Cardiovascular diseases (CVD) is caused by plaque that builds up in the blood vessels. This plaque can potentially create blockages in the arteries that lead to the heart, brain, or legs, resulting in heart attacks, stroke, or even death.
Certain individuals are more at risk of CVD, and the risk increases with age. In addition to age, smoking, high blood pressure, diabetes, high cholesterol, obesity, and family history are all factors that doctors have traditionally looked at when assessing patient risk for CVD.
According to the Center for Disease Control (CDC), heart disease causes 1 of every 4 deaths in the U.S. Because CVD is such a serious and prevalent problem, doctors began adding nontraditional risk factor assessments in adults who show no symptoms of CVD. These included:
The goal for adding these nontraditional risk factor screenings was to catch the cardiovascular disease in more individuals, in turn reducing the number of heart attacks, strokes, and death in those who otherwise showed no CVD symptoms. However, so far there is little evidence that adding these three nontraditional screenings have actually done much good, at least in those with no other symptoms. They may be beneficial for those with a moderate risk of heart disease.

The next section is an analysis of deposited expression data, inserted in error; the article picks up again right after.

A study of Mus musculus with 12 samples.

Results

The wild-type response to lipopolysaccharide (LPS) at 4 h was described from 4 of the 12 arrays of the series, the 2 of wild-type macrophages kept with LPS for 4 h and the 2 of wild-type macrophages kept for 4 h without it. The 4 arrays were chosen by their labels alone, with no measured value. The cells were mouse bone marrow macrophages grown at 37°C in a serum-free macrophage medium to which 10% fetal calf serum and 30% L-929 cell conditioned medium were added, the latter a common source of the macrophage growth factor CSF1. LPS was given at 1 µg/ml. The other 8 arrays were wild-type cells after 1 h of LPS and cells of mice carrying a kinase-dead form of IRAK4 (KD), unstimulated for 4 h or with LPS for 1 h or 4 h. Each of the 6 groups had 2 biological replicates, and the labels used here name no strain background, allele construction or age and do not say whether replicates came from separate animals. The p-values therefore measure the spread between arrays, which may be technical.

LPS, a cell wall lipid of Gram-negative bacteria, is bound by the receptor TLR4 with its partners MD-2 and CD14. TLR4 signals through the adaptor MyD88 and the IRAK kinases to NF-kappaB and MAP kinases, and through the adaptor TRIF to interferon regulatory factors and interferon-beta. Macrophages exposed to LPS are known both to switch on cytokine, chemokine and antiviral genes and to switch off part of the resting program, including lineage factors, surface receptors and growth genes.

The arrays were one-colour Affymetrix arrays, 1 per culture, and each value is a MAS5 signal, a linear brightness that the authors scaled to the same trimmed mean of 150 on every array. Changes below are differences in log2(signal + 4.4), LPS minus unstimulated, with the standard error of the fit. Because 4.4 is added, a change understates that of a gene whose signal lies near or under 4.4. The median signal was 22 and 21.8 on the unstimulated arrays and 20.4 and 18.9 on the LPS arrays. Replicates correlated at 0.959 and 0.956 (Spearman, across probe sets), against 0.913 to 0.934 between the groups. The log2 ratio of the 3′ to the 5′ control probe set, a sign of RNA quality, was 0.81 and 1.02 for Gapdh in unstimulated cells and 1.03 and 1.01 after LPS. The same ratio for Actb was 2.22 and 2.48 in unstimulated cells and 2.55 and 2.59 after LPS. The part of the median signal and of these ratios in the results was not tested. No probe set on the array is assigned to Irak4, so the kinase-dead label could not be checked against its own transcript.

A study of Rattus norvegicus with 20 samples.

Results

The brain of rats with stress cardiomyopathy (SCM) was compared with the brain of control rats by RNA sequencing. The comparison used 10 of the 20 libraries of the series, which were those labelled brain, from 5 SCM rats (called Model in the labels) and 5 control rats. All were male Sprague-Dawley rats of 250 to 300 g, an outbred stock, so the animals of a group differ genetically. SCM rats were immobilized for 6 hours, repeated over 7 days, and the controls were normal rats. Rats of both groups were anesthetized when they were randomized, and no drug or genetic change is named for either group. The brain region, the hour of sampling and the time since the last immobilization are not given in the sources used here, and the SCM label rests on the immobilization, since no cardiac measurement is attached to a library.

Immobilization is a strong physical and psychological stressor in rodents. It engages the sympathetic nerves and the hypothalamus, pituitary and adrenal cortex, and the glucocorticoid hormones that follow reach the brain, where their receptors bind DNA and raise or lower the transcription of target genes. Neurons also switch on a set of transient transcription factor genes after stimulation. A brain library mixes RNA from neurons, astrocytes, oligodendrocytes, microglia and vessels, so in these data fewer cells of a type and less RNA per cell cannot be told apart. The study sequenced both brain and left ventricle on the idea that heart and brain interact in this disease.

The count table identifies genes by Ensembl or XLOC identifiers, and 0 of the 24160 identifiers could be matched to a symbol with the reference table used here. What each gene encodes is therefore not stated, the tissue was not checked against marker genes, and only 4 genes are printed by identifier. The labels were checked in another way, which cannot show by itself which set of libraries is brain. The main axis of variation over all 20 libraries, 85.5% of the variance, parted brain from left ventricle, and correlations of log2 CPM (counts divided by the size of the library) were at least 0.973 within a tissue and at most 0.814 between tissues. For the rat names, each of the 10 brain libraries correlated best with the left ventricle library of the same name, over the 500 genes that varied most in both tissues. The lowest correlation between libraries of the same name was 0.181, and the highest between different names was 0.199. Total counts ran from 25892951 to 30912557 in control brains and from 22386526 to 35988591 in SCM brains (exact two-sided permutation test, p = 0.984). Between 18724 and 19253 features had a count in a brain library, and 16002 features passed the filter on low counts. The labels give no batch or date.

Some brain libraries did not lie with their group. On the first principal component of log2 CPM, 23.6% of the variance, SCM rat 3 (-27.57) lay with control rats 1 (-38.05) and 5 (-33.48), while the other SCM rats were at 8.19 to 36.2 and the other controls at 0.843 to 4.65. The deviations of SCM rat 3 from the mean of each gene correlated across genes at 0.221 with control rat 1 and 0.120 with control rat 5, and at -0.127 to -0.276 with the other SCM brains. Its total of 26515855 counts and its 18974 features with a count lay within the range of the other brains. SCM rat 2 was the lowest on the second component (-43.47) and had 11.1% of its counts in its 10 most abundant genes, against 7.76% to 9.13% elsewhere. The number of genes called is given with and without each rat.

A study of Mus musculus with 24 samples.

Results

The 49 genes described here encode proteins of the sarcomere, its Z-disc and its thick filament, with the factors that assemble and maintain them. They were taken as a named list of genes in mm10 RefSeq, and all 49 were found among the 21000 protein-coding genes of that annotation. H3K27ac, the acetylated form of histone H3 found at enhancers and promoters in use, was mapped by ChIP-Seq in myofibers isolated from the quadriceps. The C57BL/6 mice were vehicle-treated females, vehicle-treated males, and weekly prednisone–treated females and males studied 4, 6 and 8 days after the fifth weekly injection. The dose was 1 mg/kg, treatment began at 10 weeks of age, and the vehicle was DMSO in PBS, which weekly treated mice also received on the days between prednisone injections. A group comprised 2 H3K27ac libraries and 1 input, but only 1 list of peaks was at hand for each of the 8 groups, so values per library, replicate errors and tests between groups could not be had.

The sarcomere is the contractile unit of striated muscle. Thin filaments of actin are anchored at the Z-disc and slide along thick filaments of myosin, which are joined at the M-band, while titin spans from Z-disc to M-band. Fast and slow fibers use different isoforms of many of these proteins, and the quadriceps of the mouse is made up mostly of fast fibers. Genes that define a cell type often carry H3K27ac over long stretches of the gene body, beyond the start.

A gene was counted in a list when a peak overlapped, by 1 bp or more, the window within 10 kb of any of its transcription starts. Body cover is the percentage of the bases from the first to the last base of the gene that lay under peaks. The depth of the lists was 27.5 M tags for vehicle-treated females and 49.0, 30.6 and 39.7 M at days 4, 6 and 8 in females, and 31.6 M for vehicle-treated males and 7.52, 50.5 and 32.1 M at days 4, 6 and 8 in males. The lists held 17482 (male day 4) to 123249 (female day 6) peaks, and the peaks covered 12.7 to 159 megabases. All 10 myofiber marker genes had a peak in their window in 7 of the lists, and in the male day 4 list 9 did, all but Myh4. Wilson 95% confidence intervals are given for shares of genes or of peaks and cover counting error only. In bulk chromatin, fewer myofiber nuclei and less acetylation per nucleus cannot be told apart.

Given the lack of evidence that the nontraditional screenings are helping prevent heart attacks and strokes, the new question is are they really necessary? The CAC test, in particular, is the most invasive, as it provides a low-dose of radiation – about the same amount as a mammogram. Additionally, these tests are not always covered by insurance.
As a result, the U.S. Preventive Services Task Force has recently published recommendations about these additional tests. Specifically, the USPSTF concluded that “the current evidence is insufficient to assess the balance of benefits and harms of adding the ankle-brachial index (ABI), high-sensitivity C-reactive protein (hsCRP) level, or coronary artery calcium (CAC) score to traditional risk assessment for cardiovascular disease (CVD) in asymptomatic adults to prevent CVD events.”